Resilient personality of cities could help in a recession
In recent years, psychologists established that regions and cities differ in their prevalent personality make-up. The resilient personality of a city's residents could help determine whether cities bounce back or languish during a major recession, according to new research published in the peer-reviewed journal Social Psychological and Personality Science.
In a large-scale two-country study that is the first of its kind, researchers examined whether the severity of the economic downturn of the 2008-09 recession depended on regional personality profiles. To this end researchers studied the personality traits of more than 1.3 million residents from more than 700 cities in the United States and regions in Great Britain. Cities fared better, with more businesses starting despite the recession, in places where residents displayed a more resilient personality, characterized by stronger emotional stability and entrepreneurial personality profile. This entrepreneurial profile is defined as persons scoring at the same time higher on extraversion, openness to new experiences, emotional stability, and conscientiousness, and lower on agreeableness.
"Cities seem to respond quite differently to major economic shocks in terms of their economic behavior, and the personality of a region may play a critical role," said lead researcher Martin Obschonka, PhD, an assistant professor of psychology at Saarland University in Germany. "Much research on economic resilience has focused on regional economic infrastructure, but the entrepreneurial personality and emotional stability of a city's residents may be just as important in determining whether cities suffer or thrive during a recession."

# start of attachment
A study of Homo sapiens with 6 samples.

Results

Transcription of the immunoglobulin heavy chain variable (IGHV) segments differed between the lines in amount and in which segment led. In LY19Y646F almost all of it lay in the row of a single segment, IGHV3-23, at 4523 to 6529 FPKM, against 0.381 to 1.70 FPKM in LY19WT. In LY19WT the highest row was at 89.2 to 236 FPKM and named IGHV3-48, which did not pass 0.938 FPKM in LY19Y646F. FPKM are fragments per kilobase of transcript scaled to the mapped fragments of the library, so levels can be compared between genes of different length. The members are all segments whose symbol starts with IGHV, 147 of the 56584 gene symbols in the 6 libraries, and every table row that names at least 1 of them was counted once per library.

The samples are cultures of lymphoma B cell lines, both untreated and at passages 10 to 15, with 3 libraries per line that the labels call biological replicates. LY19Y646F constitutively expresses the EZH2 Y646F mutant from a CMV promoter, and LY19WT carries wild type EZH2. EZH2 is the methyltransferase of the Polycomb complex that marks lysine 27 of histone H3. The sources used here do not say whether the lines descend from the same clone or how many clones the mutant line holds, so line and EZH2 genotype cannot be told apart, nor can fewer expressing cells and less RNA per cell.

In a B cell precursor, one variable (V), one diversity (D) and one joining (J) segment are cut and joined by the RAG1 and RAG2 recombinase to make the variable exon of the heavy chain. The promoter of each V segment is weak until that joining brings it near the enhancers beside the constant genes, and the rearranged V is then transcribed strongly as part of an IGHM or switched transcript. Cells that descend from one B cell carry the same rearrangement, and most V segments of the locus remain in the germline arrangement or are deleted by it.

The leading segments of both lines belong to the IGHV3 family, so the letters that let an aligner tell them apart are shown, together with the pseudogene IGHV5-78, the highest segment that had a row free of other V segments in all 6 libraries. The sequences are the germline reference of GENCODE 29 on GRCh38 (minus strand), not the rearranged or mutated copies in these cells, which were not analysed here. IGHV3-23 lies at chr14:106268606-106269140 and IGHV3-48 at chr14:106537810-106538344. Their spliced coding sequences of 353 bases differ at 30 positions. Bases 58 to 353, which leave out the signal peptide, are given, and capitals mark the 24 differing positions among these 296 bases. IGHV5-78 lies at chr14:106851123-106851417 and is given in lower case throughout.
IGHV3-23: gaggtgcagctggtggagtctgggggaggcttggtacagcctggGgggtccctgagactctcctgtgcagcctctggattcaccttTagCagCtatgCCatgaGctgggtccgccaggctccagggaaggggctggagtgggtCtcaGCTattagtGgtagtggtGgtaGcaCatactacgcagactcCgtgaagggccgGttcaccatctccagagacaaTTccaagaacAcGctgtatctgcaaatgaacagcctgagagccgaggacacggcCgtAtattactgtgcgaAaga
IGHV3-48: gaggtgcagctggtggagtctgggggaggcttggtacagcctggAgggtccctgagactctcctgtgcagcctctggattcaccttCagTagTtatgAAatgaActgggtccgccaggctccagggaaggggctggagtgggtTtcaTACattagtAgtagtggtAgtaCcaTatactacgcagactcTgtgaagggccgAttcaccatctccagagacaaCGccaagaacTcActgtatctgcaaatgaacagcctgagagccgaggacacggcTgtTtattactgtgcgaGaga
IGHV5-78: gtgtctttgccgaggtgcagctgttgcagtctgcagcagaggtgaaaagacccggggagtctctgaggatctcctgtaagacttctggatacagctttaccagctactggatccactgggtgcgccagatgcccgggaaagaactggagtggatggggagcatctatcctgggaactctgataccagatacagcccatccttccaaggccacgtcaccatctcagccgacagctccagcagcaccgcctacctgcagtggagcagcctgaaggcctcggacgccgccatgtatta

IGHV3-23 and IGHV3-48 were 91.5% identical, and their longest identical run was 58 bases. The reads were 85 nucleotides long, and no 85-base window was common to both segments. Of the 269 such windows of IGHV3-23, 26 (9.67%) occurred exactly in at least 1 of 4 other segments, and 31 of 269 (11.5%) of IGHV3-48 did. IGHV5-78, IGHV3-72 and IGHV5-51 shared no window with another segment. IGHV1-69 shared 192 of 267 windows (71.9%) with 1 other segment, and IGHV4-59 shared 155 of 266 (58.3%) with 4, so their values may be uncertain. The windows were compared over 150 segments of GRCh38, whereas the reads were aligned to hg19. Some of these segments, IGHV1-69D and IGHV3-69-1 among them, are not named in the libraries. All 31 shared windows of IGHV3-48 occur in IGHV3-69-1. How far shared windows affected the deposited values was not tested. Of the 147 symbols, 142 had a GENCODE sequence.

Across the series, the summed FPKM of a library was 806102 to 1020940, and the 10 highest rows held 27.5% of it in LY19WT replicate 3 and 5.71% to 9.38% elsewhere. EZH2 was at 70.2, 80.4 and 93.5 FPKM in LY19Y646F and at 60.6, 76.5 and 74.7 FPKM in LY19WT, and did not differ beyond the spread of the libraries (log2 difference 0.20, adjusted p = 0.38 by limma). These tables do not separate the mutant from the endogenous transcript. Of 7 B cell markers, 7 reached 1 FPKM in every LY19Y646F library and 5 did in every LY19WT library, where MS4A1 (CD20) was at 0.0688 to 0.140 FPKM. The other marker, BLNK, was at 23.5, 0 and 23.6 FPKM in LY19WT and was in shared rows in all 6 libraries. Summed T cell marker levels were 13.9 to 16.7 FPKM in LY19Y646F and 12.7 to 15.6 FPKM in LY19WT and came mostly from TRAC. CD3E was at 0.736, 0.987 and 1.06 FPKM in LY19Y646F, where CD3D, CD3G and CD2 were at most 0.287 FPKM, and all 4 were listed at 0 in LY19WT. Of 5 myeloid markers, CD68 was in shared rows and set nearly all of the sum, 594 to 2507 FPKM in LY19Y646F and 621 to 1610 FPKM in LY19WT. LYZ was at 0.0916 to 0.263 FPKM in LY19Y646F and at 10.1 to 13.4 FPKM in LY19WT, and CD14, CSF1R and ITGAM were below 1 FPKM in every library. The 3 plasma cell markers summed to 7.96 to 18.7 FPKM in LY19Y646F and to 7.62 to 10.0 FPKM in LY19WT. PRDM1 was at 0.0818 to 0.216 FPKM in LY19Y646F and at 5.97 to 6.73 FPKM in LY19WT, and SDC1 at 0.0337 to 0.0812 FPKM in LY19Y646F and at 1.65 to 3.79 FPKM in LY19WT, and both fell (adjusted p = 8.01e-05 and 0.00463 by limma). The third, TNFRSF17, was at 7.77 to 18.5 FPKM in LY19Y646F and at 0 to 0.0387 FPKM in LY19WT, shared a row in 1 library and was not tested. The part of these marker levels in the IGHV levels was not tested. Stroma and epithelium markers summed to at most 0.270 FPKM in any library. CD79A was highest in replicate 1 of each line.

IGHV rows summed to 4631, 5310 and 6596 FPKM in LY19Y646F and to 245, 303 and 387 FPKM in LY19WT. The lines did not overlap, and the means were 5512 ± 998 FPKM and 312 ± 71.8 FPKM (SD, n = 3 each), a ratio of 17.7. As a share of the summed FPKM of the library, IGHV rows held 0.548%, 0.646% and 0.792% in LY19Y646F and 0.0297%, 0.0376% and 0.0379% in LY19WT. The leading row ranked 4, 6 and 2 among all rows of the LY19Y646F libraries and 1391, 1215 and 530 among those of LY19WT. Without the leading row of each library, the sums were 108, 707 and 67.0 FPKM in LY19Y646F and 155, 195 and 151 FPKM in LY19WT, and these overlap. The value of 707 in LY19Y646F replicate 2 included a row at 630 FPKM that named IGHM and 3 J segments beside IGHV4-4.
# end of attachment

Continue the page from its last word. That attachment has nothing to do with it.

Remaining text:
The results varied widely across the 366 U.S. cities in the study: Parts of California, southern Florida, and the Mountain states generally had higher entrepreneurial personality and emotional stability scores and weathered the recession well. San Luis Obispo-Paso Robles, Calif., had the highest score for entrepreneurial personality of the U.S. cities, while Elmira, NY, had the lowest score. For emotional stability, Jackson, Tenn. placed first while Michigan City-La Porte, Ind. ranked last.
Low emotional stability (or high neuroticism - the opposite of emotional stability) is characterized by anxiety, fear, envy and frustration. People high in emotional stability often respond to challenging situations, such as a recession, in a more positive, pro-active way than people low in emotional stability. The northern stretches of the East Coast, including New York City and Boston, bucked the trend found in the study by being more neurotic and less emotionally stable but still faring well during the recession.
In the U.S. cities, high regional scores for extraversion and low scores for agreeableness contributed to an entrepreneurial spirit, but that connection wasn't found in Great Britain. The researchers note that the study findings are correlational so that they cannot prove causal effects. Nevertheless, the researchers think that it is more likely that the regional personality affects the region's economic resilience than the other way around. "It probably would be difficult to boost a city's entrepreneurial personality and emotional stability because a city's personality is an ingrained element of local culture", Obschonka said. "Cities differ in their regional personality because of a wide range of patterns that have developed over decades or centuries, including formal and informal institutions such as local norms and attitudes that can't be changed overnight."
However, government economic programs could be tailored toward the specific personality of cities. "We may need to re-think the concept of regional economic resilience by considering the personality differences of cities instead of just focusing on infrastructure," Obschonka said.